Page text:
A lady who blogs recently posted an account of her experience with placental abruption, the detachment of the placenta from the uterine wall during pregnancy. The pieces of her account are ill-fitting: The doctor refused to provide an abortion as she lay bleeding in the emergency room. In her words, “I don’t know if his objections were religious or not, all I know is that when a bleeding woman was brought to him for treatment, he refused to do the only thing that could stop the bleeding. Because he didn’t do abortions. Ever.” Another physician was called in for the abortion.
Texas Right to Life believes doctors should take all necessary strides to ensure that the life of the mother and the life of the unborn child are protected. In rare situations in which the mother's life is indeed endangered by the pregnancy itself, sound medical practice would dictate that every effort is made to save both lives. When both lives cannot be saved, Texas Right to Life holds that the life of the mother must be preserved until that day when technology will allow for both mother and unborn child to live.
Since the posting, debate has erupted over the issue and the veracity of the blogger’s post. Though the circumstances are odd, the telling of her story has afforded a venue to clarify positions about the hard cases often used to justify abortion on demand. While medical emergency abortion is nuanced and sensitive, public discourse cannot be avoided. Pro-Lifers have questioned the genuineness of the blogger’s piece and the seemingly incongruent chronology of events, while abortion proponents have struck back calling Pro-Lifers liars and women-haters.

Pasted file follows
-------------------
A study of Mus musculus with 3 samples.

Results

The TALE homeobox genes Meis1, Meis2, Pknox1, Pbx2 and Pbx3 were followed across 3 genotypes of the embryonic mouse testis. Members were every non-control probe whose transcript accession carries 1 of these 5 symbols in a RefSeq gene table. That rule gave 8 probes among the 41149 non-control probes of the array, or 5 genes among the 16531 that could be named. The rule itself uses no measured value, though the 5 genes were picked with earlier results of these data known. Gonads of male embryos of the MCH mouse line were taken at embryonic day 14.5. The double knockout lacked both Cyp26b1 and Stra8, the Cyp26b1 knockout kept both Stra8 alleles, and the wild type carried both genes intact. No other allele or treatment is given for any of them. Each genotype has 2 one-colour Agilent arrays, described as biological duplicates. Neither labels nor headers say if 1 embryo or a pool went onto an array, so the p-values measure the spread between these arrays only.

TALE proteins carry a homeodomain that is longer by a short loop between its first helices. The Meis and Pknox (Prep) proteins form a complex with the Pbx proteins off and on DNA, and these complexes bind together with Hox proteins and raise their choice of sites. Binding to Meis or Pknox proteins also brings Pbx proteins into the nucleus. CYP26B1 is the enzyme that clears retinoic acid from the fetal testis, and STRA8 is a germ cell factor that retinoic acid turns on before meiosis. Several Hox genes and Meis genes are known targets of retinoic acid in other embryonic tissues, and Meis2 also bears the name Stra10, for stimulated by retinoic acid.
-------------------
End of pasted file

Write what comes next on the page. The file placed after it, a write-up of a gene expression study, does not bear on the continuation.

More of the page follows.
The questions that have arisen over the accuracy of the post are not unwarranted. She claims the need for the medical emergency abortion was because of the placental abruption, but standard medical treatment for placental abruption includes an emergency cesarean section if the child has reached viability, and bed rest until the child is considered viable to be delivered. If she was indeed bleeding to death, the doctor would have been required to take the necessary steps to save her life.
Not only is her story inconsistent, it is a direct attack on the Pro-Life movement. She states that she doesn’t know if the doctor’s reasons were religious, but at the end of her story she solidifies why she believes the doctor refused. “Well after the news hit my family that I’d aborted I got a phone call from a cousin who felt the need to tell me that I was wrong to have interfered with God’s plan. In that moment I understood that the kind of people who will judge a woman’s reproductive choices are the kind of people that I don’t want to be.” [sic]
The blogger has yet to release the name of the doctor who allegedly refused to treat her and the hospital at which the abortion was performed.